New Zealand has gained its highest migration rate in 10 years with fewer Kiwis leaving Australia, according to Statistics New Zealand. The country had more people arriving than departing with 2,740 migrants in Sept. 2003. The figure is the highest number of migrants since Jul. 2003.
The migrant rate increase within the last few months was due to fewer departures and more arrivals based on the International Travel and Migration report.
New Zealand lost 800 migrants to Australia, the smallest number since Sept. 2003. Since Dec. 2012, the number of Kiwis crossing over to Australia has declined. From Jan. to Sept. 2013, 25,300 Kiwis moved to Australia compared to 39,500 in 2012.
ASB economist Daniel Smith said fewer Kiwis were getting off the country to go to Australia, as more migrants were going back to New Zealand. Mr Smith also said migrants will continue moving into New Zealand as the labour market continues to improve.
Mr Smith also noted that Australia is struggling to add more jobs to the market to keep up with its growing population. The jobs market in New Zealand is more than likely to maintain its robust growth compared to Australia and Europe. New Zealand's labour market is expected to continue driving migration inward.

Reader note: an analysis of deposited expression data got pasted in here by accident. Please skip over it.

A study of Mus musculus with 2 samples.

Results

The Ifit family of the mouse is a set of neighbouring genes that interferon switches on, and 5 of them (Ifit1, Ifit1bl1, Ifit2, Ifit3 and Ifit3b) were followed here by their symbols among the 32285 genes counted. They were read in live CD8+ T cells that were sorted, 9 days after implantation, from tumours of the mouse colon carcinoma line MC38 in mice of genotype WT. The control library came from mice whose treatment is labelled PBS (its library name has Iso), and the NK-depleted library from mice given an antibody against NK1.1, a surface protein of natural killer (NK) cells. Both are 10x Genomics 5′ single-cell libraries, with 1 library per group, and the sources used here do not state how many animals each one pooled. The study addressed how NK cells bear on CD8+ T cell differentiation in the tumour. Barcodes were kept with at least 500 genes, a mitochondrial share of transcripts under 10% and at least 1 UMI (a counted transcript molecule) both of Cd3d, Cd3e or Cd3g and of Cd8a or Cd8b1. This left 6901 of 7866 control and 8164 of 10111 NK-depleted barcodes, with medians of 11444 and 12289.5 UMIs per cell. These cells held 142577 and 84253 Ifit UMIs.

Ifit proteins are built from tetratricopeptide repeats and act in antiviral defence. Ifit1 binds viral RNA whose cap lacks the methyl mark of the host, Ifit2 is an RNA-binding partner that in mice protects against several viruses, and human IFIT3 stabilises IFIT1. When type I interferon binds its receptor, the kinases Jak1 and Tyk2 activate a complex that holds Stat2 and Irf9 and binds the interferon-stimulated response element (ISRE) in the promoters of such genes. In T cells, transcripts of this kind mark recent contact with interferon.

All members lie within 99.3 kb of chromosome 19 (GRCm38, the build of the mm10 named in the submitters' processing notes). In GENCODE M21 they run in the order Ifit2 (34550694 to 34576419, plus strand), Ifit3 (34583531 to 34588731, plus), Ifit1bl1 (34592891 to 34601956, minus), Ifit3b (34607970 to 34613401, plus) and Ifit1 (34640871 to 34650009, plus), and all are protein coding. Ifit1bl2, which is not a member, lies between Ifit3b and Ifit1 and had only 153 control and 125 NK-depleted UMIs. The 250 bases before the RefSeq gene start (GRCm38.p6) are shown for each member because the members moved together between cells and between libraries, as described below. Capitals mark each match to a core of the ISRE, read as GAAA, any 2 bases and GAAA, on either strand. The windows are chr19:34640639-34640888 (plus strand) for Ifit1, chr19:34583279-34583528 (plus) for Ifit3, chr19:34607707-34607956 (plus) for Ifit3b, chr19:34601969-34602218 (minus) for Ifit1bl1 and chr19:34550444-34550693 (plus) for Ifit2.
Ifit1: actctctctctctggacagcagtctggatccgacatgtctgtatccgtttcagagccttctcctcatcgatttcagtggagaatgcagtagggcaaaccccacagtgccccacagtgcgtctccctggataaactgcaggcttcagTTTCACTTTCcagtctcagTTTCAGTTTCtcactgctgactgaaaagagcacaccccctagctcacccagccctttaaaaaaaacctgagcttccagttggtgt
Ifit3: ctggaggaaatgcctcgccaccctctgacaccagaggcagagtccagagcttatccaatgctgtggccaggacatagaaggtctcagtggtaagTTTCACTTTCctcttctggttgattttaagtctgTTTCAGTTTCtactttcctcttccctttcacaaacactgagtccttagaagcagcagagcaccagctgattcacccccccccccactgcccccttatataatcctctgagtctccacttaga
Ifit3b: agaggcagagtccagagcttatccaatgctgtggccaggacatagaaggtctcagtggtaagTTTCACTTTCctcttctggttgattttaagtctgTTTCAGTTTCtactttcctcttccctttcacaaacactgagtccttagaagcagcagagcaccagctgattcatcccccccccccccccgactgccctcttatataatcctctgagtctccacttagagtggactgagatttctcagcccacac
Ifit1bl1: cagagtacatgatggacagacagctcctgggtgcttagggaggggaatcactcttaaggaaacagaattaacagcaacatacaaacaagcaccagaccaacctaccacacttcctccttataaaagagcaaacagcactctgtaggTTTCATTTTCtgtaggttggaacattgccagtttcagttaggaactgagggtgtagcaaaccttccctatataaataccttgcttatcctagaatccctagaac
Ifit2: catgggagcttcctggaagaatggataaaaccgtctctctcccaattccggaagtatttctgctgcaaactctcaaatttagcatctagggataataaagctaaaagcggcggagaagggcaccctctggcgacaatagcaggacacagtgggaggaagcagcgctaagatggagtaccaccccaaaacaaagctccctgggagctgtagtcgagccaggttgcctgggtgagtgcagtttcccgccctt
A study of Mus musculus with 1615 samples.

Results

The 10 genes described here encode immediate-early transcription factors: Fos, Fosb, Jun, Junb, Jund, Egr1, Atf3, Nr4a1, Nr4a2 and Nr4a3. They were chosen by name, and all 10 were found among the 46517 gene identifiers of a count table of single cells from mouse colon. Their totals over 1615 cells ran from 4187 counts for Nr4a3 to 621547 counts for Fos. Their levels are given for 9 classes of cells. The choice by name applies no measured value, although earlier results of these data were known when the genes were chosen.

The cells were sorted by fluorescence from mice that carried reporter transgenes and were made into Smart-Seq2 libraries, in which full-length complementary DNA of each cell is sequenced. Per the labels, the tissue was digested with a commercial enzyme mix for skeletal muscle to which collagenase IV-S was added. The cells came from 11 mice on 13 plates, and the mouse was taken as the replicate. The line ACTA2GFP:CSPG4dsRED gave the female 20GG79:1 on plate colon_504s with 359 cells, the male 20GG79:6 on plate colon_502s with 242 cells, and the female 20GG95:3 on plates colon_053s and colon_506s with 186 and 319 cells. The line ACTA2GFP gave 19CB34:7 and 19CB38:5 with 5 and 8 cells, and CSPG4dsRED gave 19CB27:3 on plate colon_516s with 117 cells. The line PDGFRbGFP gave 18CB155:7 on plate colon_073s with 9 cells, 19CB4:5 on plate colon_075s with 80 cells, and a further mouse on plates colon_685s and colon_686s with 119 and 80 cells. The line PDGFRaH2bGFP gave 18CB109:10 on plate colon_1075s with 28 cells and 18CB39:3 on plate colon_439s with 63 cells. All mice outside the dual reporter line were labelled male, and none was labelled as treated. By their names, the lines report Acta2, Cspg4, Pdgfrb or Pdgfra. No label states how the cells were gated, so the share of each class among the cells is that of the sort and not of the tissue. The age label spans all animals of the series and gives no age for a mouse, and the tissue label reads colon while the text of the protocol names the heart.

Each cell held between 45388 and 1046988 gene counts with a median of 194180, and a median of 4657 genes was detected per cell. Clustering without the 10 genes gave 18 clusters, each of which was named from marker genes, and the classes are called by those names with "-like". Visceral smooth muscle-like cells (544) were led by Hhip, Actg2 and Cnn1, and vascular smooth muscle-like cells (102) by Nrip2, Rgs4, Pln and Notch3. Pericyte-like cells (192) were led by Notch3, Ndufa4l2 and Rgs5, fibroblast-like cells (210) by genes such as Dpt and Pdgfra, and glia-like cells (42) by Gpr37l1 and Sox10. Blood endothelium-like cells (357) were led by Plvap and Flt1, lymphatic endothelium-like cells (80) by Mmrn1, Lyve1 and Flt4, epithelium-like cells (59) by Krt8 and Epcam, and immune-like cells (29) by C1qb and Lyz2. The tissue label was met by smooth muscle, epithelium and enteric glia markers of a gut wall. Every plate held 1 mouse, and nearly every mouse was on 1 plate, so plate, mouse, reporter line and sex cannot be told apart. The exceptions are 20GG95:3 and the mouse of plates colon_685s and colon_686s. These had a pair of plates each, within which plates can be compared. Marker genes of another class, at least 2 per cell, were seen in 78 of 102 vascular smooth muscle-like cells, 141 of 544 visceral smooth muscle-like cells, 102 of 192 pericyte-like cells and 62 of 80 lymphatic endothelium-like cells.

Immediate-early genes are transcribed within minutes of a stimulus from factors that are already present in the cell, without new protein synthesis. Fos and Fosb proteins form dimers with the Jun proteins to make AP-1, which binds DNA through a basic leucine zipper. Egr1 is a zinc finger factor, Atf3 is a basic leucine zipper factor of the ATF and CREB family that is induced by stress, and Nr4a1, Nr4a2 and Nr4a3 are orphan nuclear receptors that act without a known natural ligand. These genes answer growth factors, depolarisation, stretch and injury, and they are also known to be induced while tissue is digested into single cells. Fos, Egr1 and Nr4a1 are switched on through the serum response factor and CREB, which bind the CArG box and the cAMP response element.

New Zealand welcomed 15, 200 migrants in 12 months. In 2012, the country lost 3,300 migrants. The highest number of migrants who entered the country came from UK with 6,000, followed by China with 5,400 and India with 5,100.
Westpac economist Felix Delbruck said the net influx of migrants was even better than expected. Mr Delbruck said that if the current trend will continue, New Zealand will pass the 20,000 mark of the annual net immigration.
He said unemployment woes in Australia may further continue with the unemployment rate expected to hit 6.5 per cent by 2014. This would mean another increase in the net immigration rate in 2014.
Kiwi dollar expected to rise
The New Zealand dollar is expected to gain as investors banked on the partial U.S. government shutdown to push the Federal Reserve to maintain its monetary stimulus. The Kiwi dollar is expected to trade between 83.50 and 86.20 US cents based on a survey by BusinessDesk among currency traders and analysts.
It's not surprising to see economic growth in New Zealand with the IMF expecting strong growth in the country in 2014.